Right, you didn't know it was about fathers and sons because you probably didn't read the novel by Erich Segal - or, more specifically, the novelization that he wrote after the screenplay was accepted and undergoing the lengthy process of being developed into a major motion picture.
Basic story is this: Rich boy who resents his successful but elitist father falls in love with a poor girl whose relationship with her own father is warm, open, and nurturing. Misunderstandings ensue.
The problem with the WASP elitist father, Oliver Barrett III, is that he wants his son to be equally successful in all aspects of his life--sports, academics, love. (Success is, by man's definition, what happiness is.) Oliver IV is particularly resentful of his father's rejection of Jenny, who is not only poor, but also Catholic.
Though the audience is pretty certain of Ollie 4's love of Jenny, Mr. Barrett suspects that his son is merely rebelling against him by marrying this non-Abigail Adams ("or Wendy WASP").
Jenny tries unsuccessfully to help Ollies 3 and 4 better understand each other, and --- SPOILER ALERT ---
... she dies having failed in the attempt. Meanwhile, Jenny's dad bonds with Ollie 4 over Jenny's deathbed.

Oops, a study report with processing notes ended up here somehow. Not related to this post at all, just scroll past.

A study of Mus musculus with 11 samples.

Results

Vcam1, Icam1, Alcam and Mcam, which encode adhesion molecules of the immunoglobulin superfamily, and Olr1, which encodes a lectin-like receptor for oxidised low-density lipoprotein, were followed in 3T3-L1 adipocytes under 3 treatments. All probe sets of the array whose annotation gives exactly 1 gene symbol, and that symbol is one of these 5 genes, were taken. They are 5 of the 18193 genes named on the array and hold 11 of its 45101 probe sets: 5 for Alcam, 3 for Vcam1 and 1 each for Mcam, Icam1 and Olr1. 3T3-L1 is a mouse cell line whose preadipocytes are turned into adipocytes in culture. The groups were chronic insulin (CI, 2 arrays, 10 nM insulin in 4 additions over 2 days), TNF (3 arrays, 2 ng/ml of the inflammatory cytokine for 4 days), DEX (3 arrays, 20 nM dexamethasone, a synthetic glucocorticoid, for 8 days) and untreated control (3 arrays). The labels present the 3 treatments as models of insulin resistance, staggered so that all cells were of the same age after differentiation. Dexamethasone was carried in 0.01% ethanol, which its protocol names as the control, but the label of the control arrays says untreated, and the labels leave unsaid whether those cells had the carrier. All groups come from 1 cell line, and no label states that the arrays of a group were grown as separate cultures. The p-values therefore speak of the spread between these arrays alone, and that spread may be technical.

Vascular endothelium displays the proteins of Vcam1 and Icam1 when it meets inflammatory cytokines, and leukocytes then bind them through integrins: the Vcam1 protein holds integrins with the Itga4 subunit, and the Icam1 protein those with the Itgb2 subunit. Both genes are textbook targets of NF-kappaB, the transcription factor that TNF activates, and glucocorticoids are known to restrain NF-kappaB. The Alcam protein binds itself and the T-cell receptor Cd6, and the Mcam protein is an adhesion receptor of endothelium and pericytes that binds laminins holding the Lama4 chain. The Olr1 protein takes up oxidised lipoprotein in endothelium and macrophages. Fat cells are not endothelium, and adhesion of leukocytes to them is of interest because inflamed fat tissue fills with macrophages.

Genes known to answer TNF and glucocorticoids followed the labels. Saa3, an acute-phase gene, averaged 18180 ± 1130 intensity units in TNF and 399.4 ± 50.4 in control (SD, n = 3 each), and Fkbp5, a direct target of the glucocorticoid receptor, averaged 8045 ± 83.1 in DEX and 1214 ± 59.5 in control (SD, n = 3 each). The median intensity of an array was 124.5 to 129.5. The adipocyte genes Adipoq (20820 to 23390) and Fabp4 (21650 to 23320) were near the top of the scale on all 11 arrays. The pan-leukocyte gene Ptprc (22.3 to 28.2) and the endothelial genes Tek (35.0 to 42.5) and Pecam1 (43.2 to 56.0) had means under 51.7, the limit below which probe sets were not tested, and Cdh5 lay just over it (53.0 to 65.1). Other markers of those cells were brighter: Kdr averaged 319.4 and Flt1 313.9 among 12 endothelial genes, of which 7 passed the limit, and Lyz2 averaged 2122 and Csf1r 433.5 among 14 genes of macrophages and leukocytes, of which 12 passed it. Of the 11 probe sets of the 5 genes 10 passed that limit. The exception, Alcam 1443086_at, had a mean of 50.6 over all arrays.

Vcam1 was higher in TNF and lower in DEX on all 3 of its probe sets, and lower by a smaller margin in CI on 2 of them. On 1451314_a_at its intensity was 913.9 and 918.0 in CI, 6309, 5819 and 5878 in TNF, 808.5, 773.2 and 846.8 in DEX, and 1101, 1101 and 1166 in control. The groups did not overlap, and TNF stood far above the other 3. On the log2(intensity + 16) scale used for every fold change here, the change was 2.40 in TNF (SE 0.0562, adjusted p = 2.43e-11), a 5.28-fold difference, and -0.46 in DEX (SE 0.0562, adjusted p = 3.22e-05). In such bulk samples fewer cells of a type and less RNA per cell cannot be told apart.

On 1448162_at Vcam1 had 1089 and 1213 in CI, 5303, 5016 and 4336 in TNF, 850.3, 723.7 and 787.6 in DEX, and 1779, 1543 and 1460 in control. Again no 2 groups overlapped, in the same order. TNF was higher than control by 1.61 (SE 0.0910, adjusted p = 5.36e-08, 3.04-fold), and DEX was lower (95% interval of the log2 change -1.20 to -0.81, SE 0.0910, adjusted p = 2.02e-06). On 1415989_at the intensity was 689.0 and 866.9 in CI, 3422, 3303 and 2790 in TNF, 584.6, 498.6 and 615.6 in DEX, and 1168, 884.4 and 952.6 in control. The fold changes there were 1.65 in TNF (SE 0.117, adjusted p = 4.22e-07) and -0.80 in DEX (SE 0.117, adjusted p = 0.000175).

In truth, Mr. Barrett was quite charmed by the lovely Jenny and, if Ollie 4 hadn't been so antagonistic, might have put his prejudices aside eventually. When he learns Jenny is dying, he rushes to the hospital to be at her (and his son's) side.
"I'm sorry," says Mr. Barrett to Ollie 4.
"Love means never having to say you're sorry," Ollie 4 retorts.
Here's where the movie is different from the novelization. In the movie, actor Ryan O'Neal retains his frosty demeanor, stalking off to start his flashback about the girl who loved Mozart, Bach, and the Beatles. The "Love means never having to say you're sorry" lesson that he learned from his beautiful and brilliant wife turns into a rebuke to his father, a slap in the face.
Ollie 3 deserved better, and he got better in the novelization. Here:
MUCH better ending, in my opinion. Which is why it's one of my favorite Father's Day stories. If only Ryan O'Neal had let himself cry....
Update June 28: I see by my Yahoo News that Love Story stars Ali MacGraw and Ryan O'Neal have had another reunion. In this interview with Hollywood Reporter, Ali calls her famous line "a crock." Whatever, dude. (Didn't Candice Bergen say pretty much the same thing in the sequel, Oliver's Story? Maybe it was some other parody I'm thinking of.)
|Ali: "It's a crock." Ryan: "You'd better say you're sorry." Via The Hollywood Reporter.|
I've spent years (decades) trying to understand the line, but I think Segal's ending in the novelization illustrates it well: Love is compassion. Love is understanding. When it's mutual and complete, love encompasses an unspoken forgiveness that doesn't require or demand a statement of contrition.